Maximize your backcountry experience with these tips.

By Kirsten Silfvenius, Headwaters Marketing

Revelstoke is a well-established ski touring destination for many good reasons, but if you’re just starting to explore Revelstoke take planning seriously. There is lots of big terrain here and planning for a safe backcountry trip takes some effort. In this post, we’ll share 6 tips to get started ski touring in Revelstoke so you can enjoy the area safely and efficiently.

1. Bring Avalanche Safety gear and Backcountry-Specific Gear.

You’ll want to have a system of skis, bindings, and boots that are designed for the backcountry with climbing skins that are cut for the specific ski or splitboard you’re using. An avalanche transceiver, shovel, and probe that’s long enough for our snowpack (3 metres or longer) will help set you up for success in addition to the other contents of your touring pack. 

Tip: If you’re borrowing from friends or renting gear, ask the owner about any known troubleshooting tips — especially for your specific model of bindings.

Ski Touring Backcountry Revelstoke
Oscar White, Rogers Pass/Revelstoke, shot by Laura Szanto

2. Read and understand the Avalanche Forecast.

It is essential that you check the avalanche forecast before heading into the backcountry. Understand the avalanche ratings for the area you plan to ski as well as any potential dangers in the snowpack. Take note of changing weather and its potential impact on conditions.

Tip: Avalanche Canada offers an online tutorial, Avy Savvy, that will serve as a great introduction for those who are new to backcountry, or as a refresher for experienced recreationalists. 

3. Explore Terrain with a Guided Trip, or refresh your skills with avalanche canada training.

The fastest and safest way to experience Revelstoke’s backcountry ski touring terrain is to sign up for a guided trip or join a class led by a qualified instructor. Courses are available through local providers all winter, and can also be a good way to meet future touring friends. Guides will save you years of frustration by bringing you to the best terrain for the conditions and your skills. 

Tip: Avalanche Skills Training Level 1 (AST1) is considered the minimum education you need if you’re considering entering avalanche terrain without a guide. Don’t forget the less glamorous dangers of cold exposure, medical emergencies, and group dynamics before you head out.

Check out Avalanche Canada's list of available courses. Consider levelling up your education or taking a refresher.

Flat Creek in Rogers Pass. Photo: @chrisbirra
Flat Creek in Rogers Pass. Photo: @chrisbirra
Earning turns. Photo: @adamko_tek
Earning turns. Photo: @adamko_tek

4. Check established sources for ski line beta.

After you’ve downloaded or bought local maps, you might still be confused about where to begin. While everyone has their favourite secret stashes, you can get started on finding your own with information from the following sources:

Rogers Pass North & Rogers Path South Guidebooks and map by Douglas Sproule is available for sale online and at local shops.

Beyond Our Peak has blog posts and pictures for a variety of runs, many of which can be cross-referenced with Doug Sproule’s book and map. For Rogers Pass, Parks Canada offers a variety of terrain photos on its website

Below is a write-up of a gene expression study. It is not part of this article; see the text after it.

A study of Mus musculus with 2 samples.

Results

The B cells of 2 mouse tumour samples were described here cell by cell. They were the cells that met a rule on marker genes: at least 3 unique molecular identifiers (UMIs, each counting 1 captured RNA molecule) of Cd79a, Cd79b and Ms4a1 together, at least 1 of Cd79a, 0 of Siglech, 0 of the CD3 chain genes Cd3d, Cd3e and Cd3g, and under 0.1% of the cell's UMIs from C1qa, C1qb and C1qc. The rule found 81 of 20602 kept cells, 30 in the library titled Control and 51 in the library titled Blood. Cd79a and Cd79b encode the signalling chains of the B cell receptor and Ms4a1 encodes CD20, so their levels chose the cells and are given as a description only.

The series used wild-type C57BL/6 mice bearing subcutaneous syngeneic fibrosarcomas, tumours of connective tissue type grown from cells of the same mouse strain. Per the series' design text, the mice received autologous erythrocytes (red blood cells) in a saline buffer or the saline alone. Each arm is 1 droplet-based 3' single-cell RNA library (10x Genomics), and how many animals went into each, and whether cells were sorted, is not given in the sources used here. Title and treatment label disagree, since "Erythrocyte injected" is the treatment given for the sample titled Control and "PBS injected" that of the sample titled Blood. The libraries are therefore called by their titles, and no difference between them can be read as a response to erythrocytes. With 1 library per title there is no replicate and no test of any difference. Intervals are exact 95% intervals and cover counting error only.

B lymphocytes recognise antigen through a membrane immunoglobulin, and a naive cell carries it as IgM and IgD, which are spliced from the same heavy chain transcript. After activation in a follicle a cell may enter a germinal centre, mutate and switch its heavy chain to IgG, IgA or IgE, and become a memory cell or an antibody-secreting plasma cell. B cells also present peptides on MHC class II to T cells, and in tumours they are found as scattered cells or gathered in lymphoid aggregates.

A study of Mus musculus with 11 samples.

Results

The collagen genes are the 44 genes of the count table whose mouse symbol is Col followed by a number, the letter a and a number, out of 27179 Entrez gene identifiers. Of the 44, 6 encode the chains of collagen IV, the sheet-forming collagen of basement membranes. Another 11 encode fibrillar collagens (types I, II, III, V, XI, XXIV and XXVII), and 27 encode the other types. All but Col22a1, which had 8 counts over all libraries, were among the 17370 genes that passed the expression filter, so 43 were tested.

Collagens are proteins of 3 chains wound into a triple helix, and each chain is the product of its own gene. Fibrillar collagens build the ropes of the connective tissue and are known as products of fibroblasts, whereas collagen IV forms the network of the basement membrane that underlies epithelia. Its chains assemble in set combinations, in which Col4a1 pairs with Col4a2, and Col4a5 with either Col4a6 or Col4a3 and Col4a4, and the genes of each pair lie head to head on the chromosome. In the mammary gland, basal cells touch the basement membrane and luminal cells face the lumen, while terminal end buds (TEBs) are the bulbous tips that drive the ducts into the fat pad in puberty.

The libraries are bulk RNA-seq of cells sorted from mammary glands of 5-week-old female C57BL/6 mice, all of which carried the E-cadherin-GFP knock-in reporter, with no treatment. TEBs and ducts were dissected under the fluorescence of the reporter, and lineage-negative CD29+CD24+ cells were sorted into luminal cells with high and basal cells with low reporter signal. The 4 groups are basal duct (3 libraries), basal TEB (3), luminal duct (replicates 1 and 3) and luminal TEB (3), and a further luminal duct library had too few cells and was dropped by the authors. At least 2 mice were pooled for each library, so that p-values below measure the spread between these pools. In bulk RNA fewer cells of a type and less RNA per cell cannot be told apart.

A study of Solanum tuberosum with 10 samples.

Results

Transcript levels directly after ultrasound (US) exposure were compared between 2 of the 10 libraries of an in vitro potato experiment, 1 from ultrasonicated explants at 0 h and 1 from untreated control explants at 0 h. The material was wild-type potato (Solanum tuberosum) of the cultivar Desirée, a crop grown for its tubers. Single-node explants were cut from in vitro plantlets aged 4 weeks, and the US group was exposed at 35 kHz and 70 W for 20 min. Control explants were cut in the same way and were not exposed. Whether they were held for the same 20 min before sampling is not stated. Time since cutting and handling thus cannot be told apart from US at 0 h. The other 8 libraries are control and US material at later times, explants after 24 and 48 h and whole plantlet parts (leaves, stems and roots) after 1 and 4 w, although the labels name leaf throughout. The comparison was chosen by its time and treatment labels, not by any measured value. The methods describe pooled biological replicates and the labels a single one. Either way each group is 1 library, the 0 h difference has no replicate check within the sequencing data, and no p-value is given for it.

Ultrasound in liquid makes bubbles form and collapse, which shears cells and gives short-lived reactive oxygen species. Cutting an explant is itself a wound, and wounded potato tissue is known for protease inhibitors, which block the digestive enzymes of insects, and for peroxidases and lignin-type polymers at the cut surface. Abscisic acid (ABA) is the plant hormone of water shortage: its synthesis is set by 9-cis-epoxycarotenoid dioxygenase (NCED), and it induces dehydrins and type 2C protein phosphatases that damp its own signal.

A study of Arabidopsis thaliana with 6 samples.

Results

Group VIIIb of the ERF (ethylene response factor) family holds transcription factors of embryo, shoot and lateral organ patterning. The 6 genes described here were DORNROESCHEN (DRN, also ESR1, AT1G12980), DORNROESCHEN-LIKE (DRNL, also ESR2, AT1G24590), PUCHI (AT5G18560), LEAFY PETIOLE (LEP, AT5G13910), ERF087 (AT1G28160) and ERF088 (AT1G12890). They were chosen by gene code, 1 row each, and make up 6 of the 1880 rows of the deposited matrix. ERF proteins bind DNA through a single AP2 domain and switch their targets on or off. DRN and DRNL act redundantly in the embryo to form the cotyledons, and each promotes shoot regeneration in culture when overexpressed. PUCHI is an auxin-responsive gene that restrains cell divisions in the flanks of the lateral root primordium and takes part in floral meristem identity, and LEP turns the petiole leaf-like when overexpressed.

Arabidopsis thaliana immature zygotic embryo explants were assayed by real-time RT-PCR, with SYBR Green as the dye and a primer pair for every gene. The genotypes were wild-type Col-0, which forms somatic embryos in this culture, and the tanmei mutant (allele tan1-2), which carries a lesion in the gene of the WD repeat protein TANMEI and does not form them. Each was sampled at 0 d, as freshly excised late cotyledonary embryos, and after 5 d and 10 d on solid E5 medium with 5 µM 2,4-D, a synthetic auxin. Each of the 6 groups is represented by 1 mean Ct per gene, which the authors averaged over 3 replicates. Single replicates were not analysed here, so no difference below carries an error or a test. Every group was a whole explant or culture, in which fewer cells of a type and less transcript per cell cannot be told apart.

5. LEARN IT – GET YOUR PERMIT – Rogers Pass avalanche control and the Winter Permit System.

In the Revelstoke area, it is important to learn and respect rules that govern access to popular touring areas. This is particularly important if you’re visiting Rogers Pass in Glacier National Park. For your safety, some areas are only open when no avalanche control is anticipated, and may be closed when you plan on visiting. Other areas are permanently closed. You need to get a free Parks Canada winter permits and know where you are going to stay out of closed areas. There are serious consequences for violating terrain closures: If you enter a closed area, you will be responsible for the permanent closure of some of Canada’s best and most accessible ski touring in addition to putting yourself in the literal line of fire. 

Tip: Check directly with the organization responsible for managing the terrain where you’re touring to avoid pulled passes, abject physical danger, and the ire of the local touring community. 



Rogers Pass Ski Touring. Photo: Laura Szanto
Rogers Pass Ski Touring. Photo: Laura Szanto

6. Make a plan & Save Local Emergency Phone Numbers.

Take responsibility for your group’s safety by making an informed route plan, sharing it with a trusted contact, and saving emergency numbers on your phone. Cell service is expanding but not dependable in many popular touring areas, so calling the right agency when you have service and battery can help you get help more quickly in an emergency. In most scenarios, call 911. When you have a backcountry emergency in Mount Revelstoke and Glacier national parks, contact their dispatch office directly with the number listed on their website and printed on the back of winter permits. 

Tip: If you’re bringing an emergency satellite communication device (like an inReach®), make sure it will not trigger an SOS call unintentionally. Local search and rescue organizations respond to multiple false calls every season.

Revelstoke’s backcountry ski and splitboard terrain has so much to offer locals and visitors. Respecting land-use restrictions and taking responsibility for your group’s safety is the key to ensuring fun days in the backcountry for years to come. If this post has helped you get started ski touring in Revelstoke, don’t forget to bookmark it and share it with a friend. See you on the skin track, and we’ll look forward to seeing your photos. 

For more information about trip preparedness, visit AdventureSmart BC

Please note that links shared in this post are not necessarily affiliated with Tourism Revelstoke.